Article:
Home Secretary Priti Patel said she will not put her name forward for the ballot of MPs. (File)
Former UK Chancellor Rishi Sunak on Tuesday emerged as one of the early candidates to hit the threshold of 20 supporting Conservative Party members of Parliament for his nomination to compete for the post of leader and the next British prime minister, to be announced on September 5.
The 42-year-old British-Indian MP for Richmond in Yorkshire maintains his lead in the race to replace Boris Johnson as nominations formally opened for the contest. Meanwhile, Priti Patel - widely expected to become another Indian-origin candidate in the race - ruled out a bid saying she was "grateful" for the encouragement but her focus remains on her current job as Home Secretary.
"I will not be putting my name forward for the ballot of MPs," said the 50-year-old Gujarati-origin Cabinet minister.
"As Home Secretary, I have always put the security and safety of our country and the national interest first and my focus is to continue working to get more police on our streets, support our amazing security services to keep our country safe and control our borders," she said, not confirming which candidate she would be backing to replace Johnson.
The prime ministerial hopefuls have until 6 pm local time to get their nominations in, with Trade Minister Penny Mordaunt and Tory backbencher Tom Tugendhat the others in the running to hit the requisite 20-MPs mark.
New Chancellor Nadhim Zahawi claims he has the required numbers too and others expected to run include: India-origin Attorney General Suella Braverman, Foreign Secretary Liz Truss, Nigerian-origin Kemi Badenoch, former Foreign Secretary Jeremy Hunt, Foreign Office Minister Rehman Chishti and former Health Secretary Sajid Javid.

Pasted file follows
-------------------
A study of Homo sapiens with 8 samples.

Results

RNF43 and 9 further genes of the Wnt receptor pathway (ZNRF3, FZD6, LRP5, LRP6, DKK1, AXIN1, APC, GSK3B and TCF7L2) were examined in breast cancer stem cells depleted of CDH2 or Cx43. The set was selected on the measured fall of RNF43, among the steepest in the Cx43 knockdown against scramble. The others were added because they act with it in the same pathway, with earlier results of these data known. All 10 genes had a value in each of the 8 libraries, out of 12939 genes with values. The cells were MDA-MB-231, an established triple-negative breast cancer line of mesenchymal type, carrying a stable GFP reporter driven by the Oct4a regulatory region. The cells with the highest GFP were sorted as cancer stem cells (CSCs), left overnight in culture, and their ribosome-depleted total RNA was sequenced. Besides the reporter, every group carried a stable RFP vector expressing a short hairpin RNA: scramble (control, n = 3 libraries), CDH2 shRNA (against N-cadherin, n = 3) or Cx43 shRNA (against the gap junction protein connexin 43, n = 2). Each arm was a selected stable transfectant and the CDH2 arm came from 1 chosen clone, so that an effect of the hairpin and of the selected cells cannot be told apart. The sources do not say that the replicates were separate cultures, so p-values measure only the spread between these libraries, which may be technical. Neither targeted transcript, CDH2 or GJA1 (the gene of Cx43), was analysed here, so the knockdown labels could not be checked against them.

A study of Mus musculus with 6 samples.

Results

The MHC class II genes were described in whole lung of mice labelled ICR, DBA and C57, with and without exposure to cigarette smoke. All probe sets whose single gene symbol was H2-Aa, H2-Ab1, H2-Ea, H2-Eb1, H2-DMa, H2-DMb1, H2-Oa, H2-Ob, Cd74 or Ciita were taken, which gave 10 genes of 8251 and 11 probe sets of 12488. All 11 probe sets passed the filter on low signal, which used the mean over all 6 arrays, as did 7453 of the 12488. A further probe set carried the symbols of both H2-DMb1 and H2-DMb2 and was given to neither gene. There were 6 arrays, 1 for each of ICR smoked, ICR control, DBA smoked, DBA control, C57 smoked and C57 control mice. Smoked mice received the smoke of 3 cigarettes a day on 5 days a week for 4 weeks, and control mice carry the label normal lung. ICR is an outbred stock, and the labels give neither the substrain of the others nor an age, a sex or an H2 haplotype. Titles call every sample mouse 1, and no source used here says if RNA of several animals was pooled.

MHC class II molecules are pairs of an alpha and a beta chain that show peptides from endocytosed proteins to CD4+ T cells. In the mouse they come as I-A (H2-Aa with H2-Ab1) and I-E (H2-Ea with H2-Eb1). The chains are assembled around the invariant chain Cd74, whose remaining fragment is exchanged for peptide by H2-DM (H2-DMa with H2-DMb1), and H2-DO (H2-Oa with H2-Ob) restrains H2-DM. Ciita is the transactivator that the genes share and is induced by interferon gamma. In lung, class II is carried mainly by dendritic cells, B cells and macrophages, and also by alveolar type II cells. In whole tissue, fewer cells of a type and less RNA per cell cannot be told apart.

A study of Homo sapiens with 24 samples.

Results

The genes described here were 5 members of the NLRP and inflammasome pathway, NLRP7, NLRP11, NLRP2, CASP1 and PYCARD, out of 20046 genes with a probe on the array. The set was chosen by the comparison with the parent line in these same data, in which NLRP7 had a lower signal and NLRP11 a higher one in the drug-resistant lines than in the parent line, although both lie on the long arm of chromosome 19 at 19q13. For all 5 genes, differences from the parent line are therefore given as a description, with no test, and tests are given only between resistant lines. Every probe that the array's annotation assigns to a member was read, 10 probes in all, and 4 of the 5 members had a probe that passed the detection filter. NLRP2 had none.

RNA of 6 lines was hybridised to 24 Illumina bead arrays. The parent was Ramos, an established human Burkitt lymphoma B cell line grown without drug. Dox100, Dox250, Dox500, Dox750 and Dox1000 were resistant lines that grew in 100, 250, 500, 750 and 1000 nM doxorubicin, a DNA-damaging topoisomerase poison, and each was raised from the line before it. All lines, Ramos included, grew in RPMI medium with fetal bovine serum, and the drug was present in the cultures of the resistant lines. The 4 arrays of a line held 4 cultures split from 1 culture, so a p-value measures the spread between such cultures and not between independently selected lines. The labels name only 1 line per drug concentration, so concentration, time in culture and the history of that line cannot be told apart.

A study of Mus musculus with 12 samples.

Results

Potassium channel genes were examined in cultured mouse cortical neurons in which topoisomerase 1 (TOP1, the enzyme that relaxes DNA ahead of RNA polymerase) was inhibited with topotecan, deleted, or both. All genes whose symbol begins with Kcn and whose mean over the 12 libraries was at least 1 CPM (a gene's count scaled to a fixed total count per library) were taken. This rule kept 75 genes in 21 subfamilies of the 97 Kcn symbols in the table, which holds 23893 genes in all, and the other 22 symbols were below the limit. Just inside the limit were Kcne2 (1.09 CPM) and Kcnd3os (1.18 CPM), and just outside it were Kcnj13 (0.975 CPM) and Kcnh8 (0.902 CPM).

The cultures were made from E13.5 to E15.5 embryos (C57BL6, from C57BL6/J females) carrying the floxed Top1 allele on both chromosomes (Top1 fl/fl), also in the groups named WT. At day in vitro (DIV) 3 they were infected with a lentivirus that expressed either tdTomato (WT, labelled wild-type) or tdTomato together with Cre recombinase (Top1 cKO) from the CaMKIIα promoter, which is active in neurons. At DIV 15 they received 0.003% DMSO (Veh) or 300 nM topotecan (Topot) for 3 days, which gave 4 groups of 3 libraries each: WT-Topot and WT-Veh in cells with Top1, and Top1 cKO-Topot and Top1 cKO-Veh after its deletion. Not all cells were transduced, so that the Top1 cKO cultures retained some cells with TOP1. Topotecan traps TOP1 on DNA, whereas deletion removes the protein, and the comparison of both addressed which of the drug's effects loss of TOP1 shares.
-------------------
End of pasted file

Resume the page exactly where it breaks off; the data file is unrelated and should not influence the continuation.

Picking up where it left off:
Transport Secretary Grant Shapps has withdrawn a planned bid to throw his support behind Sunak.
On Monday, the 1922 Committee laid out the timetable for the leadership race and confirmed that the new Prime Minister will be elected on September 5 and address their first Prime Minister's Questions in Parliament on September 7. The first round of voting by Tory MPs is scheduled for Wednesday, when each candidate will require the backing of 30 colleagues - or just under 10 per cent of Tory MPs - in total to progress to round two.
A second ballot on Thursday will narrow down the field further as candidates with the least votes keep getting knocked out. There is provision for further ballots next week if the race to get to the final two candidates does not conclude by the end of this week.
The deadline to narrow down the shortlist to just two remaining candidates is July 21, when the 1922 Committee Chair Sir Graham Brady will also seek an assurance that both finalists will remain in the race to face the wider party membership ballot.
In 2019, the last-minute withdrawal of Andrea Leadsom from the race had meant that Theresa May was elected unopposed by MPs, without having to face the Tory membership base. The party is keen to avoid a repeat of such a scenario in this election.
After the field is whittled down to the final two candidates, they will tour the UK for hustings to campaign the estimated 200,000 Tory party members who will then cast postal ballots for the winner based on a one member, one vote system. The candidate who receives the most votes will win the race and be declared the new Tory leader and UK prime minister.
Meanwhile, a vote of Tory party members carried out by the Conservative Home website put Penny Mordaunt in the lead, indicating an appetite for change within the grassroots of the party. Former equalities minister Kemi Badenoch emerges as the second favourite, followed by Sunak and Braverman at third and fourth.
Among the MPs, most Johnson loyalists are expected to endorse Truss, who will be seen as a continuity candidate. Many of the Conservative Party's 358 MPs are yet to openly throw their weight behind any of the candidates yet and there will be intense activity as the week progresses and the remaining candidates on the shortlist vie for the support of those previously backing unsuccessful hopefuls.
(Except for the headline, this story has not been edited by NDTV staff and is published from a syndicated feed.)